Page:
On February 26, Roots drummer/Late Night with Jimmy Fallon point forward/NYU adjunct professor/self-anointed music snob Ahmir “Questlove” Thompson sent a cryptic tweet of “major” things to come on March 4.
something”s gonna happen major in about 6 days. Warning you now. you’ll have like 3 mins to swipe CC. id follow @brooklynbowl if i were u.
— Questo of The Roots (@questlove) February 26, 2013
He was not lying.
The scene: New York’s Brooklyn Bowl, a half–concert venue/dance floor, half–bowling alley. The event:
For certain people, like those who grew up on a certain type of music, few words elicit stronger reactions as “Soulquarian.” Perhaps the most dynamic non-group, non-record label centered music collective, ever, the members continue to represent a period of music that changed the way R&B, soul, and hip-hop were, and continue to be, appreciated.
Badu. Common. Questo. Bilal. Dilla. Talib. Mos. D’Angelo. Q-Tip. Poyser. PINO PALLADINO.
So titling the Brooklyn Bowl show “The Soulquarians: Brothers in Arms (?uestlove & D’Angelo Doin…” was appropriately cryptic, exciting, confusing, and most importantly, filled me with the highest of expectations, as well as giant fear of being let down (the “Lauryn Hill Phenomenon,” if you will).
Seeing D’Angelo twice in his 2012 comeback tour (at the Made In America festival in Philadelphia and New Orleans’s Essence Festival), I had a sense of what D’Angelo would bring to the table in this two-man show: new music, a voice that increasingly reminds you of the Brown Sugar era, a Zorro hat, a shirt that doesn’t come off, and maybe one classic hit.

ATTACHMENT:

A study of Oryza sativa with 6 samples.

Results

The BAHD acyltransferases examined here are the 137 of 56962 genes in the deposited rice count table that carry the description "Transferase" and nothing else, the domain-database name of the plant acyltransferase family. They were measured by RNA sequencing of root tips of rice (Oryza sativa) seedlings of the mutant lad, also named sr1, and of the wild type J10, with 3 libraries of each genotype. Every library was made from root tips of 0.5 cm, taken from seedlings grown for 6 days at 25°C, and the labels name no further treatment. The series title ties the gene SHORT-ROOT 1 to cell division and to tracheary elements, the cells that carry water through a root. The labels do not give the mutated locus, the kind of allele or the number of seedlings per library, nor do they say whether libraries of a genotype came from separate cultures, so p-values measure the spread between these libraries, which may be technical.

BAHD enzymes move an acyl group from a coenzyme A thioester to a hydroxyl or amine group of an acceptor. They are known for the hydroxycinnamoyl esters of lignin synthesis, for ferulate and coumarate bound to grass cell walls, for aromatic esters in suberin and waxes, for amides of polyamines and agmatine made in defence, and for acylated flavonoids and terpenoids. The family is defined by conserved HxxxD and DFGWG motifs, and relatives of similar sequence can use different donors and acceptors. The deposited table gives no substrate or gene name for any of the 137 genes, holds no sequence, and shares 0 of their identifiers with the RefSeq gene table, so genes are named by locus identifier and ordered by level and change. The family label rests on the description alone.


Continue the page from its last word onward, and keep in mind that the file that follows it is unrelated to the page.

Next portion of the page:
And that’s exactly what happened.
Normally, when a late performer finally takes the stage and tells the audience “you can wait another two hours,” this would be met by jeers, but when D’Angelo followed with “Y’all waited 13 years,” — referencing 2000’s Voodoo, his last album — we couldn’t help but agree and cheer.
And before launching into the set, Questlove (speaking solely on behalf of the duo for the duration of the set) told the crowd, in reference to the past and what was to come that night, “We just jam and see what happens. Lower your expectations.”
Maybe expectations were lowered for those in attendance who were looking for singles, but for the majority of the crowd that seemed anxious to go along for the ride that was this once-in-a-lifetime jam session, their expectations were appropriately cemented at high. And they were met.
The song selection was fantastically scattered — from covers of Sly and The Family Stone’s “Let Me Have It All,” the S.O.S. Band’s “Tell Me If You Still Care,” and Prince’s “New Position”; to the Voodoo deep cut “Africa”; to songs one assumes will land on his “upcoming” album. (That word will remain in quotations until the moment I am holding the CD case, ready to spend 8–10 minutes attempting to rip off the Army-grade plastic wrapping.)
After finishing up with “Africa,” the two men walked off the stage, having not played a single song that the casual D’Angelo fan recognized. I wasn’t mad at this, because no one in that room deserved his voice in such an intimate setting. He sounded so like himself, the $35 would have been worth it for him to falsetto croon a few pages of the classifieds and a funeral program.
A few minutes later, however, the two Soulquarians stepped back on stage and performed Track 9 of Brown Sugar, “Lady.”
Once they finished, and left for good, the lights in Brooklyn Bowl came up and no one seemed to know what to do with themselves. But unlike last call, no one felt shame or disgust.
We’d all been cleansed. And there was nothing left to do but go home.